Men’s lacrosse looks to capitalize on a new season


Arthur Mansavage

Senior attacker and captain Nick Fuglione leads the rush against the Wentworth Leopards.

By Leo Kagan, Assistant Sports Editor

On a sunny Connecticut afternoon last April, the Emerson men’s lacrosse team was in a tie game with six minutes left in the fourth quarter—six minutes to score and qualify for the postseason for the first time in program history.

For the Lions, 1-4 in conference play, the only things standing between them and history were the No. 2 ranked Coast Guard Bears. If they lost, the fifth and final playoff seed would be decided by a coin flip. Captain and midfielder Jack O’Rourke, a junior at the time, said the players knew they had to seize the moment.

“It was either [win] or leave it up to chance,” O’Rourke said. “We didn’t want to leave it up to chance.”

The Lions managed two shots on goal to break the tie and send them to the playoffs for the first time ever. The euphoria would only last a few days—Emerson lost in a roller coaster first round playoff match-up to Babson College on May 2—but for this year’s team, it’s a feeling they’re hoping to taste again.

“We set the school record for wins in a season and qualified for the NEWMAC playoffs for the first time,” said Head Coach Matthew Colombini. “Our goal is to continue to do those things but now take the next steps, winning playoff games and hopefully winning a championship.”

At the same time, Colombini said he knows it won’t be as simple as picking up where the team left off last May.

“The fact that we won games last year has no impact [winning] them this year,” he said. “We’ve talked a lot about not getting ahead of ourselves or [looking] past teams. We had one good year. It took a lot of work, so we’re continuing that work.

Returning to peak form is made more complicated by the departure of four upperclassmen, including attacker Austin Franklin and midfielder Skyler Celetto, who tallied a combined 237 points as Lions. O’Rourke emphasized that last year’s graduating players will be missed for more than their offensive contributions.

“Those were four huge leaders and they carried a lot of that weight,” he said. “The leadership staples in a lot of the system that we play, they knew exactly what [Coach Colombini] wanted, so they knew how to execute that pretty well.”

Though this year’s team—stocked with eight new freshmen—has plenty of talent, uniting that talent under a system has been more challenging than in years past.

“It’s little things that we didn’t have to teach last year,” Colombini said. “Things guys just knew because they’d been through it so many times. We’ve had to go back and get back to a lot of fundamental stuff, taking an extra day with things that in the past, we might assume guys can pick up a little quicker.”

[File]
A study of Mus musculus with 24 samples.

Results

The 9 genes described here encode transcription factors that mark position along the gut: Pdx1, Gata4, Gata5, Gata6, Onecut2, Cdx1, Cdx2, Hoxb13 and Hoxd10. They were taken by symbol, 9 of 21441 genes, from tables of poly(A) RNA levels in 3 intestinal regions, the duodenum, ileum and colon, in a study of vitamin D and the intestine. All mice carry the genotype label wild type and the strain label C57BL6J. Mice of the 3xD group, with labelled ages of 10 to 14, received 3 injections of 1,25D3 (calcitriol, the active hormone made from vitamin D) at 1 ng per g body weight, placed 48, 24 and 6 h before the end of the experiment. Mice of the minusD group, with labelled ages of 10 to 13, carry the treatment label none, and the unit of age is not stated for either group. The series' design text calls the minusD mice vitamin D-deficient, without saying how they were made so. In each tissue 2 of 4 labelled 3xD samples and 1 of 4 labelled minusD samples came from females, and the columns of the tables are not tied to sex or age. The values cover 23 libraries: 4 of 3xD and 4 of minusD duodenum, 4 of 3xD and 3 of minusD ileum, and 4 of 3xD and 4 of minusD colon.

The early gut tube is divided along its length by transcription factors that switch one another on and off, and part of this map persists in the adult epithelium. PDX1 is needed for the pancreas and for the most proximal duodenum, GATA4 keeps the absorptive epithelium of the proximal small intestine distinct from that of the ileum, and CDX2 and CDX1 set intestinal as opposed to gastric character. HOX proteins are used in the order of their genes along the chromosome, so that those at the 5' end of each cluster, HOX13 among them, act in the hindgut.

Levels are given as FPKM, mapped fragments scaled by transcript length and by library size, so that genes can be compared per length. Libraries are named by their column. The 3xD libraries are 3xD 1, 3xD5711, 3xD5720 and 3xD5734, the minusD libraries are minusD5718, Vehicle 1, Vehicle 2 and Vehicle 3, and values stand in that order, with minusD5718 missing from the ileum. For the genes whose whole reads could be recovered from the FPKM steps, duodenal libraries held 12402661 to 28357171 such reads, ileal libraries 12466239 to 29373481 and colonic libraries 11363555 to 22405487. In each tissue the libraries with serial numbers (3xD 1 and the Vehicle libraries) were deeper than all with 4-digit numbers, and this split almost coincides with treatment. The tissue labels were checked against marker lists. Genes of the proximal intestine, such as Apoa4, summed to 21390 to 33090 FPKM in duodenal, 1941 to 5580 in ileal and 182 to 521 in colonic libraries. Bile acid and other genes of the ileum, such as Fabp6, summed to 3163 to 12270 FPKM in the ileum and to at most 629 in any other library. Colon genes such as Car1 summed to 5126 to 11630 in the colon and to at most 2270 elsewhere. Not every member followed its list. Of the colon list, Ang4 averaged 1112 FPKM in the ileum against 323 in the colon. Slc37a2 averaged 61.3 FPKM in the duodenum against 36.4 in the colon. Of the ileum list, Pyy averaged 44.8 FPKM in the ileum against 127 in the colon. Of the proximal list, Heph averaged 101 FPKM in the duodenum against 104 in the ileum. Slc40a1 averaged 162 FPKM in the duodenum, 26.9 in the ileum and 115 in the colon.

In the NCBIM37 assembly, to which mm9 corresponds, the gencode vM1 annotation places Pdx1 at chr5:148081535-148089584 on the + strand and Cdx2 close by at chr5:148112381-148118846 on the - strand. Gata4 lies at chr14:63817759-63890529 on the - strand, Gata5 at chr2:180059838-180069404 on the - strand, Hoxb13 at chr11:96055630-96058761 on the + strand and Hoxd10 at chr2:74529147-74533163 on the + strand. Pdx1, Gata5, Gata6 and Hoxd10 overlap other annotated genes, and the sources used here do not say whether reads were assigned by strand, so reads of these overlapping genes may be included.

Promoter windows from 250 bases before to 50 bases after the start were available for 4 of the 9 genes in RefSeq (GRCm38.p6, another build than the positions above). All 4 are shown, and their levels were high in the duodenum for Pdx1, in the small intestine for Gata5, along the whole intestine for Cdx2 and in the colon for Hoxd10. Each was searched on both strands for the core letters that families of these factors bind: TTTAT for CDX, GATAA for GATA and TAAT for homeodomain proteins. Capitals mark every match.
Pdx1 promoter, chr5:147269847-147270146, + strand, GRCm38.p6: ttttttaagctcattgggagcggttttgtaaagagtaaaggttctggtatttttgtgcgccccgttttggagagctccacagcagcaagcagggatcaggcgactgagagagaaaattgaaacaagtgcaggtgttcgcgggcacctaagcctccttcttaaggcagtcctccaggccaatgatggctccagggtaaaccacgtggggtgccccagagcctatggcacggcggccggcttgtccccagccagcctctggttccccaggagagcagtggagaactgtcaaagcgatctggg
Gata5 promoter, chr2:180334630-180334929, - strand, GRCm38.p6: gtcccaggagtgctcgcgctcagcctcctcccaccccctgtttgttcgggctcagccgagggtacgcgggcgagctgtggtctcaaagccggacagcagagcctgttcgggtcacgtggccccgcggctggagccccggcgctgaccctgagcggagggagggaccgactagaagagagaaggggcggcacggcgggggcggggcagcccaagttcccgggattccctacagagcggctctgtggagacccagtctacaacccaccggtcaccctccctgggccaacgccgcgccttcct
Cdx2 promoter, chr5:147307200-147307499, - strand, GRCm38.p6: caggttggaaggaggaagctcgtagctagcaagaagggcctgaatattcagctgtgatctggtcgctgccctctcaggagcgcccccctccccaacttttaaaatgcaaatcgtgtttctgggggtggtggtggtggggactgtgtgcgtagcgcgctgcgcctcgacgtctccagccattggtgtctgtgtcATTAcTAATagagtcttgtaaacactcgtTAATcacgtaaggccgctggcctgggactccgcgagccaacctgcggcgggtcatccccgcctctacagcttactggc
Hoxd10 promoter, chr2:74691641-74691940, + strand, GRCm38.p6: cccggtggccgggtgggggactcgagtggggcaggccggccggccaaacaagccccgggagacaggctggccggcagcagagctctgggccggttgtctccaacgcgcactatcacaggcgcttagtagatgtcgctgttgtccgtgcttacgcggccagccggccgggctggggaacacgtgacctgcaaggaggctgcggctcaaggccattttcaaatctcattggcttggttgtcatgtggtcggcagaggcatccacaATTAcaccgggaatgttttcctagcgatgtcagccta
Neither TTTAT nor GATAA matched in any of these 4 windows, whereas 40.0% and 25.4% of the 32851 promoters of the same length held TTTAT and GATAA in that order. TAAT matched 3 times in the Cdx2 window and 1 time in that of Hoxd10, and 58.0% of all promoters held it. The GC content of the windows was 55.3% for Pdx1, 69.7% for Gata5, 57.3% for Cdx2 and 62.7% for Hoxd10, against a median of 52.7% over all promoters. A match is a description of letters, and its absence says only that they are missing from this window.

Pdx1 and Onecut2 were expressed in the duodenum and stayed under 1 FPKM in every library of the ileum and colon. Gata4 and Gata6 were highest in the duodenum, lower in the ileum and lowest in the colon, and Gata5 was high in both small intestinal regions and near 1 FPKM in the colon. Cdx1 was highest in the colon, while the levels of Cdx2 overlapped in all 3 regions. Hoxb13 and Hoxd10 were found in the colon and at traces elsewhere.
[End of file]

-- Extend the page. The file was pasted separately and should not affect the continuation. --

This year’s Lions squad lacks the same experience as last year’s team, whose starting attackers and defenders entered last season’s playoff game against Babson with a combined 244 career games started. This year’s starting group had just 36.

But Colombini said that what this group lacks in experience, it makes up for in skill. The players just have to prove they can utilize that skill effectively.

“In a lot of ways we’re more talented this year than we were last year,” he said. “So the question is ultimately going to be, does our talent carry us far enough till those [young] guys get experience.

Despite losing a few top scorers and key leaders, the Lions feel poised to leap forward—a leap that O’Rourke believes must begin with in-conference play.

“Winning conference games is everything,” he said. “Historically Emerson has been at the bottom of the NEWMAC almost every single year. [Winning] those games we know we can win are huge—but we know we have the ability to beat top teams too.”

Colombini said that, in a conference where every game has a “college football feel,” the path to success is minimizing costly errors.

“It’s going to come down to eliminating small mistakes,” he said. “There were a lot of little things we did wrong along the way that enabled [losing in the playoffs] to happen. Whether it’s a dropped pass or a bad read, there isn’t a lot of margin for error.”

Colombini said he is looking forward to turning over the keys to a new group of leaders who he feels are prepared to guide the team on and off the field.

“It really does feel like a different team,” he said. “All those guys who started all those games really dominated the focus, but now it’s Birk [Swan’s] team, it’s Nick [Fuglione’s] team, it’s Josh [DeMattos’] team. It’s an exciting, different challenge to see how all the pieces are coming together, and I’m ready to get going.”

O’Rourke said he is confident his team will be able to put all the pieces together and reach their ceiling as a unit.

“I truly believe that we can win a NEWMAC championship,” he said. “We beat Coast Guard who were ranked second last year. They were supposed to maybe win [the championship]. We have the ability, the skill, and the discipline to win a championship this year.”

The Lions are 2-1 to start their championship campaign. They’ll face off next against the University of New England Nor’easters Wednesday.